Iran's President Calls Holocaust 'Myth' in Latest Assault on Jews
Thursday, December 15, 2005
ISTANBUL, Dec. 14 -- Iranian President Mahmoud Ahmadinejad on Wednesday called the extermination of 6 million Jews during World War II a "myth," bringing a new cascade of international condemnation onto a government that is increasingly viewed as radical even within Iran.
"They have created a myth in the name of the Holocaust and consider it above God, religion and the prophets," Ahmadinejad said in an address carried live on state television.
The speech in the Iranian city of Zahedan echoed the president's remarks at a conference of Islamic nations in Saudi Arabia last week, when he suggested that if Europeans established Israel out of guilt over the Nazi campaign, the country should be carved out of Europe.
But Wednesday was the first time Ahmadinejad declared that the Holocaust had not happened, and the assertion served to further undermine Iran's efforts to persuade other countries that it can be trusted with its nuclear program.
In Western countries, "if someone were to deny the existence of God . . . and deny the existence of prophets and religion, they would not bother him," Ahmadinejad said. "However, if someone were to deny the myth of the Jews' massacre, all the Zionist mouthpieces and the governments subservient to the Zionists tear their larynxes and scream against the person as much as they can."
Iran's official news agencies excised the offending language from transcripts of the speech in an apparent attempt by the government to limit any damage as it tries to avert U.N. sanctions over its nuclear program.
"It's really shocking that a head of state who has a seat in the United Nations can say such a thing," said Jose Manuel Barroso, president of the European Commission, the executive body of the European Union. He said the speech "calls our attention to the real danger of that regime having an atomic bomb."
Israeli Foreign Ministry spokesman Mark Regev told reporters: "The combination of extremist ideology, a warped understanding of reality and nuclear weapons is a combination that no one in the international community can accept."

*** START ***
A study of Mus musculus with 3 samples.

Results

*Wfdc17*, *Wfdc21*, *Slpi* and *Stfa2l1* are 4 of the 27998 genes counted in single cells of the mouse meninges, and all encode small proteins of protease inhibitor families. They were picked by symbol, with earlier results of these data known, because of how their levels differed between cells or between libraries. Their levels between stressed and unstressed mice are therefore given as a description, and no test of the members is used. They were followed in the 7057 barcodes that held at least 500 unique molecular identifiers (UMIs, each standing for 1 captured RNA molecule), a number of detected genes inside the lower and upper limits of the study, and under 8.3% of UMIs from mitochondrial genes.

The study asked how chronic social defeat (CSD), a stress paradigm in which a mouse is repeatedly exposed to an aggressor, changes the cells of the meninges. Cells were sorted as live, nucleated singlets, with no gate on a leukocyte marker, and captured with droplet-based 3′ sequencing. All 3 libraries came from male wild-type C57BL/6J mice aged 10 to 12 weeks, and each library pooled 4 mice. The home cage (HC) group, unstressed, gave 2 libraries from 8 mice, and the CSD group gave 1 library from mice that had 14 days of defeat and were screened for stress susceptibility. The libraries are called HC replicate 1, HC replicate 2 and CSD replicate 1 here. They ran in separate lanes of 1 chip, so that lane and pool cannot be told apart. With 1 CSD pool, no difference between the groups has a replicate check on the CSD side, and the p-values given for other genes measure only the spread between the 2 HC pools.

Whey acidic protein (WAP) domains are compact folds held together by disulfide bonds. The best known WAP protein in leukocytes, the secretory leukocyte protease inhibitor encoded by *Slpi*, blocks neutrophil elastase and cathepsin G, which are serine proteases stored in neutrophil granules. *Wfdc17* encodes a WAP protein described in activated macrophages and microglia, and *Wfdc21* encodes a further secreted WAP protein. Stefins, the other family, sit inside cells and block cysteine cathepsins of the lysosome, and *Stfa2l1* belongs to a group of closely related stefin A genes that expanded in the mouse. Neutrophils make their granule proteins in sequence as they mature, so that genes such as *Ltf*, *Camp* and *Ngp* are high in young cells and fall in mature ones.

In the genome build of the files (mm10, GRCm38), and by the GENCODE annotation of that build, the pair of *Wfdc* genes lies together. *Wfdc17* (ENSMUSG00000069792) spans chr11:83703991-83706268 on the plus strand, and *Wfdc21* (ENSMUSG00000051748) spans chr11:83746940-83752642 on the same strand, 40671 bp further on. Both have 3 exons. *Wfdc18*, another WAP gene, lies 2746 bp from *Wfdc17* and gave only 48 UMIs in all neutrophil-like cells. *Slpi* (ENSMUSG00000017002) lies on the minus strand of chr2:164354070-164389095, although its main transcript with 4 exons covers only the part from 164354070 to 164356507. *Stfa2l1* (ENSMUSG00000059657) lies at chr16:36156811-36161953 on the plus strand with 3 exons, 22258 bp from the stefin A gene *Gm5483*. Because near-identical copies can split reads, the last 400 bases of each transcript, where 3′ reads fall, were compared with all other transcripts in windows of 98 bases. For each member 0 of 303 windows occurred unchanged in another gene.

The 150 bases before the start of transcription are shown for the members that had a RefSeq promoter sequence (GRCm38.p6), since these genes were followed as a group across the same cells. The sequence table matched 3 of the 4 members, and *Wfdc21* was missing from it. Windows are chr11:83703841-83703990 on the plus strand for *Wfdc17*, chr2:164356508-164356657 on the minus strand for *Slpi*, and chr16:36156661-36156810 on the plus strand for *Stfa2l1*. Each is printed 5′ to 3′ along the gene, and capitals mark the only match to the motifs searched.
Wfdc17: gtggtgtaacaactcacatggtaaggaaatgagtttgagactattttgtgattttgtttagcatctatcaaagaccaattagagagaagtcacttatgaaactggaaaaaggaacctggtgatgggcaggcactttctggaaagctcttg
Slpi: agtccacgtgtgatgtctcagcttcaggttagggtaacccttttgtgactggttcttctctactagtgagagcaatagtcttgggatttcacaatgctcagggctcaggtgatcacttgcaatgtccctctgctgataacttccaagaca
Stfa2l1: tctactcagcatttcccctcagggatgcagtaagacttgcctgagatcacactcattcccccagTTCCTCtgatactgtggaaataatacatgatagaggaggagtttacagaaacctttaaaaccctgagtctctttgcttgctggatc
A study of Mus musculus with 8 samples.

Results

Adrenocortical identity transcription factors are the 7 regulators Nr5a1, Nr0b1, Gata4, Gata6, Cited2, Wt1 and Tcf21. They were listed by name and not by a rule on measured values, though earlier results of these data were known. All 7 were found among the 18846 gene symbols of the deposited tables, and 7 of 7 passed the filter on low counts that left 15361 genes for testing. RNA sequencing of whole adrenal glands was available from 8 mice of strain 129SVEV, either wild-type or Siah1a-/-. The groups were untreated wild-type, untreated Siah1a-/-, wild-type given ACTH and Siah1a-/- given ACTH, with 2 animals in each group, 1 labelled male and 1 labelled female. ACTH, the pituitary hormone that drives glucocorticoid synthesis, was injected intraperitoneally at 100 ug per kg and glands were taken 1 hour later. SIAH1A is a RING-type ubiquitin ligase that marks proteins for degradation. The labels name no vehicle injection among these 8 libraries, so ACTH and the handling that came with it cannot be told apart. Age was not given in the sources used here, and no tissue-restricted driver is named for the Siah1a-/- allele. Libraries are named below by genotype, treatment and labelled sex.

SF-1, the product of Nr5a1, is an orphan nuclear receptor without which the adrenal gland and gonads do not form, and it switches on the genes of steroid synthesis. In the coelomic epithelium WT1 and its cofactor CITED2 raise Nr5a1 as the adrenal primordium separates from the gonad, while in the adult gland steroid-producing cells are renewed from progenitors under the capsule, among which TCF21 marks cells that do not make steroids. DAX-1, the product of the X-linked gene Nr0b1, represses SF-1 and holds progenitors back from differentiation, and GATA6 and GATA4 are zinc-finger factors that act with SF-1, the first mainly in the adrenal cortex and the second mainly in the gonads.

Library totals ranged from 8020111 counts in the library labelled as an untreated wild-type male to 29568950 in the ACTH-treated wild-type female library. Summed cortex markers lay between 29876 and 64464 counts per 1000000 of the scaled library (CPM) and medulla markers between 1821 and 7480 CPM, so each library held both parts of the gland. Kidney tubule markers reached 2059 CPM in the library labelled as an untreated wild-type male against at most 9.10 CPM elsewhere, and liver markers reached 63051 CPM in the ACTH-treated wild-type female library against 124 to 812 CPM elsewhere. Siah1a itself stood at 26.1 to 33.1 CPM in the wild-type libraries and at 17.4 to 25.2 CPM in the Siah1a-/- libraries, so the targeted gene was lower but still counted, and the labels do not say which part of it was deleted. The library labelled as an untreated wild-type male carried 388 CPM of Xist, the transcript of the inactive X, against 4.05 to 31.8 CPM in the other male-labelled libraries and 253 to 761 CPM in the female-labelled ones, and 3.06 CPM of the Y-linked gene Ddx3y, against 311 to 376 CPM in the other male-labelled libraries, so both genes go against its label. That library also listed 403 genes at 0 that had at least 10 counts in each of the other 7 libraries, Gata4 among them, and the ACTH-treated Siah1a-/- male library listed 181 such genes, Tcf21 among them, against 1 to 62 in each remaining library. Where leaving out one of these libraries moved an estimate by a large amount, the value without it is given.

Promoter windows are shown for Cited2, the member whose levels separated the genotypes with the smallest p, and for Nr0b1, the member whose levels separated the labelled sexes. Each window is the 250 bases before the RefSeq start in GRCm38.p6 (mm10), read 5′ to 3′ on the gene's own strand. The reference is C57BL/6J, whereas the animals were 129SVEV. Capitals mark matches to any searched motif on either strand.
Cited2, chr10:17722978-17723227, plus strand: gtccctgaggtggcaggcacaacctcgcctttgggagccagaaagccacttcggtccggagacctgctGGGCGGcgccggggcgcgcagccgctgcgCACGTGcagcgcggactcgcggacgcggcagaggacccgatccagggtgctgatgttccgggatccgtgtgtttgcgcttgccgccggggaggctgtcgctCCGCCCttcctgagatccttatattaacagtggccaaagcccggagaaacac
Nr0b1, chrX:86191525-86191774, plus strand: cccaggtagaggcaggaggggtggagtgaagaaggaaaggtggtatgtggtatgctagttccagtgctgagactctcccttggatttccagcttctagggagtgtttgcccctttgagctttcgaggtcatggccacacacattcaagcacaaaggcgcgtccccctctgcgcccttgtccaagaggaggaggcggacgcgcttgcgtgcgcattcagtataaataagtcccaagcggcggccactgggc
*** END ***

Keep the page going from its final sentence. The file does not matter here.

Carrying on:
German Foreign Minister Frank-Walter Steinmeier said his government had summoned the Iranian charge d'affaires to issue a protest of the "shocking" remarks. The Foreign Ministry of Poland, where Nazis operated death camps where Jews were killed, said "the remarks of the Iranian president are causing even more outrage" than Ahmadinejad's statement last month that Israel should be "wiped off the map."
Since being elected on a populist platform emphasizing a fairer distribution of the country's oil wealth, Ahmadinejad has voiced fiery rhetoric that has emphasized his roots in the extreme reaches of Iranian politics.
A former mayor of Tehran, he came to the presidency with no foreign policy experience. He served in the Islamic Revolutionary Guard Corps and Basiji militia, hard-line organizations committed to keeping alive the tenets of Iran's 1979 revolution, including rejection of ties with the West. On Thursday, Human Rights Watch, a watchdog group based in New York, issued a report linking two members of his cabinet with extrajudicial killings in the 1980s and '90s of Iranians the government regarded as disloyal.
While calls for an end to Israel have long been part of the Iranian theocracy's official creed, Ahmadinejad has turned up the rhetoric significantly, at a time when Iran is seeking international recognition in various ways. It has recently lobbied for membership in the World Trade Organization and for more foreign investment.